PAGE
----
Sociologist and writer Prof Dipankar Gupta talks about Gujarat 10 years after the 2002 riots, and states that there is absolutely no evidence that the Muslim victims of violence have been influenced by fundamentalists
In this lecture organised by CCDS’s youth outreach programme Open Space to mark the 10th anniversary of the Gujarat riots, eminent sociologist Dipankar Gupta discusses the role of faith-based organisations in post-conflict recovery and rehabilitation in Gujarat. Their role is critical, he says, but is often overlooked by secular organisations and the state. It is the Muslim organisations that have been most active in constructing homes for thousands of internally displaced families, and they have done this without any pre-conditions. The schools they have set up impart modern/secular education to children. There is absolutely no evidence that those who have suffered violence at the hands of another community, particularly the majority community, are instinctively drawn towards a rigid adherence to their religion and become captives of fundamentalists.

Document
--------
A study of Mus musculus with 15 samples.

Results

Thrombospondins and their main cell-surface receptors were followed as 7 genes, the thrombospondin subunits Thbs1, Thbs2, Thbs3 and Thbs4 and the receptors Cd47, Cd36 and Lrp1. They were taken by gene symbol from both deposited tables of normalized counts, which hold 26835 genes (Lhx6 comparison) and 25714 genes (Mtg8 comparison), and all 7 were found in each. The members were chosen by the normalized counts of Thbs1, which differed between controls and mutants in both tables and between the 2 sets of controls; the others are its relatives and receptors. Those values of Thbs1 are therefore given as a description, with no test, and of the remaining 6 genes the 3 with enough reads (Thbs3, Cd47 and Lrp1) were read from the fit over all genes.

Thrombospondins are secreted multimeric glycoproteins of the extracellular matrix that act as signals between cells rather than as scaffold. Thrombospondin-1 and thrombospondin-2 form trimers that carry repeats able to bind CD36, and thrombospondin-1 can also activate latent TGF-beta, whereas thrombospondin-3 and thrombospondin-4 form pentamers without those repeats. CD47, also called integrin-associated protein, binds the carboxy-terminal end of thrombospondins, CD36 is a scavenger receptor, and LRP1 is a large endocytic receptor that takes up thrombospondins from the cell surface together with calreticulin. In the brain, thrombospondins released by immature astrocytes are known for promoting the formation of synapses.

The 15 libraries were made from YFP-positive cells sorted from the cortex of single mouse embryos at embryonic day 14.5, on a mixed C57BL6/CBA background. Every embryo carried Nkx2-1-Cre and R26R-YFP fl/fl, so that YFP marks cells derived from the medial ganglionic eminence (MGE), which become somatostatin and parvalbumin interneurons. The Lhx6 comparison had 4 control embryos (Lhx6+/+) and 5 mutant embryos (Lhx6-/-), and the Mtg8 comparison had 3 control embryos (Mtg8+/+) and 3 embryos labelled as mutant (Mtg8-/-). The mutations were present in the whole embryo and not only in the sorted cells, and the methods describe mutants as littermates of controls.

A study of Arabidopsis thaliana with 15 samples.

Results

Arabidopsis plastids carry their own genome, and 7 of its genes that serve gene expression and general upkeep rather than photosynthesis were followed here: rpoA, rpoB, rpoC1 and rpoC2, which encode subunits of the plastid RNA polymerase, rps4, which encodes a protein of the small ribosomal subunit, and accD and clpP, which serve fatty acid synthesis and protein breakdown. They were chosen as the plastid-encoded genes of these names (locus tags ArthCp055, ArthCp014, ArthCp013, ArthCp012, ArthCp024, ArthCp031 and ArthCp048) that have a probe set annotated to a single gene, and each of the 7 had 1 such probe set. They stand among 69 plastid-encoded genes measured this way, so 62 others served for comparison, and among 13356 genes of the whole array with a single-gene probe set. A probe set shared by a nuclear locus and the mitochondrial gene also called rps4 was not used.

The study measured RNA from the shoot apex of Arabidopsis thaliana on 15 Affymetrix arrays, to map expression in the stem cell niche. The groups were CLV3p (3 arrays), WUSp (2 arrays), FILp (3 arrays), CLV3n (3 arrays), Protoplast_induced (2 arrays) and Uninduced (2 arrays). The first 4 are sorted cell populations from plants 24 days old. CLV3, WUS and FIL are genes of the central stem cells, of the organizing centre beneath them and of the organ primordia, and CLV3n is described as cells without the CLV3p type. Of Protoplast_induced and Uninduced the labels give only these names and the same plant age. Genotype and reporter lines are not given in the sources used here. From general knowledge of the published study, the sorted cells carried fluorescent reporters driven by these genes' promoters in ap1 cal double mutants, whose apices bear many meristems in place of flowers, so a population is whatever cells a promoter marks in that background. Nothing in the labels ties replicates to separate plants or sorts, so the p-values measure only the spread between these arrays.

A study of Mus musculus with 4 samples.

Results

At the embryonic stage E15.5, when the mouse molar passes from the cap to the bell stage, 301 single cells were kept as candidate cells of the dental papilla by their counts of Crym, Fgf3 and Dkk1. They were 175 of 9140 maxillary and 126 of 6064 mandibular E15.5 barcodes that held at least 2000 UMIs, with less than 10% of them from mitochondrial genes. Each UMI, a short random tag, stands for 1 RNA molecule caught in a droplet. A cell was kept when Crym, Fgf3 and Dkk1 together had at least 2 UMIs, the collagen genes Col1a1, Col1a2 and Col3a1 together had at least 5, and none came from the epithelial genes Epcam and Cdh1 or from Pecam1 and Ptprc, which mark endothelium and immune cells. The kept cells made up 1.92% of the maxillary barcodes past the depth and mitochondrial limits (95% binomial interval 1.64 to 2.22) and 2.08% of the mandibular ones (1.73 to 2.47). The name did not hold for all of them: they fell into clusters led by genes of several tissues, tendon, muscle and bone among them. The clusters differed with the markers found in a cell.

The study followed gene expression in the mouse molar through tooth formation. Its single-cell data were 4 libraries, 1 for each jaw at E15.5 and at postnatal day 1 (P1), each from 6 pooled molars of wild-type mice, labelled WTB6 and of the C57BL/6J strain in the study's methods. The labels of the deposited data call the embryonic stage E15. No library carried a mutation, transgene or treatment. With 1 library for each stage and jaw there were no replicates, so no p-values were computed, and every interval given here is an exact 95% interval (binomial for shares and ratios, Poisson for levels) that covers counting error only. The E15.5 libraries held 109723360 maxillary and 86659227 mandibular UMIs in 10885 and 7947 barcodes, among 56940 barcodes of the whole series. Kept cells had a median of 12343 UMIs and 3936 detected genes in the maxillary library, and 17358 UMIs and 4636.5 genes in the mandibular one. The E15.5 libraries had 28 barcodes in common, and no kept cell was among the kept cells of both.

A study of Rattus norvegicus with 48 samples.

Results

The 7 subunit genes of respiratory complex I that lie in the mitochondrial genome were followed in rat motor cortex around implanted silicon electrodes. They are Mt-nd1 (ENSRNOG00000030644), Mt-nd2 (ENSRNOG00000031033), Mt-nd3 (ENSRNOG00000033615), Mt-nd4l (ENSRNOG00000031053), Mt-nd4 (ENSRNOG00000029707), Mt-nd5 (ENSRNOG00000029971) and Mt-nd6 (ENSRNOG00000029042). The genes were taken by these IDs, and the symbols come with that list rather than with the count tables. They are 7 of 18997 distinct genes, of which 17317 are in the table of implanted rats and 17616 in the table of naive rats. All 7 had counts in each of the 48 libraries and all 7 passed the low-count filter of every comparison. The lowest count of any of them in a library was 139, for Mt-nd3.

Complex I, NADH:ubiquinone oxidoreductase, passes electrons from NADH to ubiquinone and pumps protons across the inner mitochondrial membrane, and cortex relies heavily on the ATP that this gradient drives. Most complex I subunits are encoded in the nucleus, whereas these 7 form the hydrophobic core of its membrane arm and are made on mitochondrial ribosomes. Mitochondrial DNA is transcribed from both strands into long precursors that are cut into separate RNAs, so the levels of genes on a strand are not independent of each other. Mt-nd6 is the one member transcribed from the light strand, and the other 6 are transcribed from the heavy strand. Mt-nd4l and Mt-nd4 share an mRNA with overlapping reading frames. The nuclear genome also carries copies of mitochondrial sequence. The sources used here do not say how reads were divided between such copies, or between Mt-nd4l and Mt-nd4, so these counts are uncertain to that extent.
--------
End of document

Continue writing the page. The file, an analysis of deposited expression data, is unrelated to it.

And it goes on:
Interestingly, while the majority community that inflicts pain and devastation often does so in the name of being the legitimate "people" of the country, the minority community reacts in the name of being "citizens". It is this tension that needs to be paid attention to.
Dipankar Gupta retired as Professor, Centre for the Study of Social Systems, Jawaharalal Nehru University in July 2009. He has been Visiting Professor to several universities and has authored and edited 16 books. His most recent book Justice Before Reconciliation: Towards a New Normal in Post-Riot Mumbai and Ahmedabad was published by Routledge India in 2011.
In 2010 he was awarded Chevalier De L’Ordre des Arts et des Lettres (Knight of the Order of Arts and Letters) by the French government.